Boxing: Manny Pacquiao battling age, hungry Keith Thurman in welterweight title showdown

Philippine boxer Manny Pacquiao (left) and US boxer Keith Thurman at the final press conference at the MGM Grand Hotel & Casino on July 17, 2019.
Philippine boxer Manny Pacquiao (left) and US boxer Keith Thurman at the final press conference at the MGM Grand Hotel & Casino on July 17, 2019.PHOTO: AFP

LAS VEGAS (AGENCE FRANCE-PRESSE) - Twenty-four years after first climbing into a professional boxing ring, Manny Pacquiao will attempt to defy the march of time on Saturday night (July 19) when he battles undefeated Keith Thurman for the World Boxing Association welterweight crown.

The 40-year-old Filipino icon clashes with the 30-year-old American at the MGM Grand in Las Vegas in what is arguably his most challenging assignment since losing to undefeated Floyd Mayweather in 2015's money-spinning "Fight of the Century".

Pacquiao, who has managed to successfully juggle a political career as a senator in the Philippines while continuing to box at a high level, looked sharp in his last outing in January - an unanimous decision win against American Adrien Broner.

But the eight-division world champion is facing an altogether higher-calibre opponent in the shape of Thurman, renowned as one of the hardest punchers in the division with 22 knockouts in 30 fights.

He also views Saturday as an attempt to build his legacy, and has bluntly vowed to send Pacquiao into retirement.

"This is a once in a lifetime opportunity to destroy a legend," Thurman declared, before placing his opponent in the boxing pantheon alongside some of the sport's greatest practitioners. "It's as if I'm fighting Sugar Ray Robinson or Roberto Duran.

"This is Manny Pacquiao. It's a tremendous feeling, and it's going to feel even greater when my hand is raised at the end of the night."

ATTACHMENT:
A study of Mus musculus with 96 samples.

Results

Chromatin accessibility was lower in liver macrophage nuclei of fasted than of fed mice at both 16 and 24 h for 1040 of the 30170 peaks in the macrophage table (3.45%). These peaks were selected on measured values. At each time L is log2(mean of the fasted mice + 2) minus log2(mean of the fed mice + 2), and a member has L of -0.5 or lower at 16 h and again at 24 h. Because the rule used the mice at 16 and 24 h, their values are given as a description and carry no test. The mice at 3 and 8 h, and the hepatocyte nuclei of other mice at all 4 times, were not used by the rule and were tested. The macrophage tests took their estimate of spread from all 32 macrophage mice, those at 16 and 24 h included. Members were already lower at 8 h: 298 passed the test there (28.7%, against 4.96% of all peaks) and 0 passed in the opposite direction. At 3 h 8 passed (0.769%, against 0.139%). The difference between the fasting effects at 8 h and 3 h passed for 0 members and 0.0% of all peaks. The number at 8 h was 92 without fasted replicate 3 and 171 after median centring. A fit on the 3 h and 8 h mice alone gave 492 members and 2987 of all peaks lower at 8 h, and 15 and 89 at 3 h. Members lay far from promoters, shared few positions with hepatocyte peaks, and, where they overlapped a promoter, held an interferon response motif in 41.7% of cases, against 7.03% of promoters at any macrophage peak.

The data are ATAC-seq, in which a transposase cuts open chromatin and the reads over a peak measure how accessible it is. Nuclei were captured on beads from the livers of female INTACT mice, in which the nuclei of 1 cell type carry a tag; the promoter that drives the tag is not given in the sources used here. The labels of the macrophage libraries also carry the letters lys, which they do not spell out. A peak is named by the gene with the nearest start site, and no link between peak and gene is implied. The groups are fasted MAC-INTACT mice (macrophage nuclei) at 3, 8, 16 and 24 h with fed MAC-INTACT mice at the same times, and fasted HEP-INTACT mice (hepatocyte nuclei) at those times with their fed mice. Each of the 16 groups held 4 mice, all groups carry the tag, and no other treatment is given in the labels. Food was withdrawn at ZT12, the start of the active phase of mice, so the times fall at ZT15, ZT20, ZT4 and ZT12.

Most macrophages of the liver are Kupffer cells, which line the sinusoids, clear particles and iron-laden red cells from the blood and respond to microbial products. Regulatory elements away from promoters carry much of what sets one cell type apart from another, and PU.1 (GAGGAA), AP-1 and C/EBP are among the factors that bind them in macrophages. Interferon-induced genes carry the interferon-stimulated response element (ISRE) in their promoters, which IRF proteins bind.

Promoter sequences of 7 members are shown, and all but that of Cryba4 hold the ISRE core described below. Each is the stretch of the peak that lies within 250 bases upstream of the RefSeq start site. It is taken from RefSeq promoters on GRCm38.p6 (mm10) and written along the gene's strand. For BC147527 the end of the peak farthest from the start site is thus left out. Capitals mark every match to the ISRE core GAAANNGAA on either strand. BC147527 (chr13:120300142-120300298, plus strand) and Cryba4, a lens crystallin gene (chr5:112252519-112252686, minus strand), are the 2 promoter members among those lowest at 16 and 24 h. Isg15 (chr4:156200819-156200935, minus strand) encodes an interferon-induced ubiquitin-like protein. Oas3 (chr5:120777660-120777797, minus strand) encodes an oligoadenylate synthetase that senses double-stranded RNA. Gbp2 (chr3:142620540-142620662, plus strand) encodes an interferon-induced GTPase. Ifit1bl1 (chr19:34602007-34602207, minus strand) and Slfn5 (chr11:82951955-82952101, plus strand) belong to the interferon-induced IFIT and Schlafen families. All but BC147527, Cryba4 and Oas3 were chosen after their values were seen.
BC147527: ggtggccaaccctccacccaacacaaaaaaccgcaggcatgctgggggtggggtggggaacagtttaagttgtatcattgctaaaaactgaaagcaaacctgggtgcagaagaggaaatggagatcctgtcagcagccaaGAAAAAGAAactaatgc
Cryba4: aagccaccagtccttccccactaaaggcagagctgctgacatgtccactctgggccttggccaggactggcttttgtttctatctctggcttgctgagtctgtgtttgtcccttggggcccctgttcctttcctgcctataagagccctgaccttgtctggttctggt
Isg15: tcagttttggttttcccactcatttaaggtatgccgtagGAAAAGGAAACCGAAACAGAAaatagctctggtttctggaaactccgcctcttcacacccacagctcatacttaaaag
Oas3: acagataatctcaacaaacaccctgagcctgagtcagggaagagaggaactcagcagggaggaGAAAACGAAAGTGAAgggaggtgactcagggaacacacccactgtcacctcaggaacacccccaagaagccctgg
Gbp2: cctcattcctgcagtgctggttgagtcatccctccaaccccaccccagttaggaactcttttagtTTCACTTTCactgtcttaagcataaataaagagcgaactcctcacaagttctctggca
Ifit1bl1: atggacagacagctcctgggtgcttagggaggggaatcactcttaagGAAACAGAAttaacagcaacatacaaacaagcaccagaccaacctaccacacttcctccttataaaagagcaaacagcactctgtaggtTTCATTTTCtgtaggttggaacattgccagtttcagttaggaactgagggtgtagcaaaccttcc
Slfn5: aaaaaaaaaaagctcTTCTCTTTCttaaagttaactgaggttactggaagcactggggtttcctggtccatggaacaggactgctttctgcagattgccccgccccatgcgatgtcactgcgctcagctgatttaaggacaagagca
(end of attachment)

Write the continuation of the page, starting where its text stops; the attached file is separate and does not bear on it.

Pacquiao (61-7-2, 39 knockouts) has, however, shrugged off Thurman's blood-curdling pledges of destruction, insisting he harbours no animosity despite the trash talk.

"For me, nothing is personal," he said. "Our job is to fight. He has to prove something, and I have to prove something. It's easy to say things. But it's not so easy to do it in the ring."

His preparations for the fight have followed a familiar routine. After spending the first part of his training camp in the Philippines, he relocated to Los Angeles to work under the guidance of long-time trainer Freddie Roach at his Wild Card gym in Hollywood.

And the American maintains that Pacquiao has shown no sign of decline during gruelling sparring, and is confident that his speed and mobility will cause problems for the naturally bigger Thurman.

Roach, who expects Thurman to enter the ring at around 160 pounds (72kg) once he has rehydrated after Friday's weigh-in, is bracing for an early onslaught.

"I feel he's going to try and come for Manny and try to prove that he's the bigger, stronger man," Roach told Agence France-Presse (AFP).

"He will come forward. He's a pretty good puncher, but Manny's footwork should keep him out of trouble.

"I would love a collision because Manny will beat him to the punch every time. One guy is fast, one guy is slow. Thurman hits hard but he has no speed at all. I don't see him being able to get close to Manny because of his speed."

Yet Roach acknowledges that for all Pacquiao's impressive form in training, the acid test will come under the bright lights of the MGM Grand's Garden Arena.

Boxing history is littered with veterans who needed one fight too many to realise they are shot.

"This is true," Roach said. "Usually, it doesn't show up in the gym. It only shows up in the fight. And I'm very aware of that. And if it does show in the fight I'll be the first one to stop the fight if need be."

He is also nervous that a verbal agreement brokered with Pacquiao several years ago - namely that when the veteran cornerman believes it is time to retire, he will heed the advice and hang up his gloves - may no longer be valid.

"There's too many people around him who will tell him I'm full of shit, and he may listen to them," Roach told AFP. "At one time, I'd have said our agreement was pretty solid and he'd listen to me. But today, I'm not so sure."

The financial incentives may tempt Pacquiao to keep plugging away regardless of the outcome of the contest.

This weekend's fight will reportedly add another US$20 million (S$27.1 million) to career earnings estimated at US$200 million.

A lucrative offer to fight Britain's Amir Khan in Saudi Arabia in November is also on the table, though Pacquiao's camp has denied the bout is a done deal.

Pacquiao, though, wants to continue fighting as long as his body allows it. "Boxing is my passion," he told AFP. "It's really hard to stop and hang up the gloves when you know that you can still fight."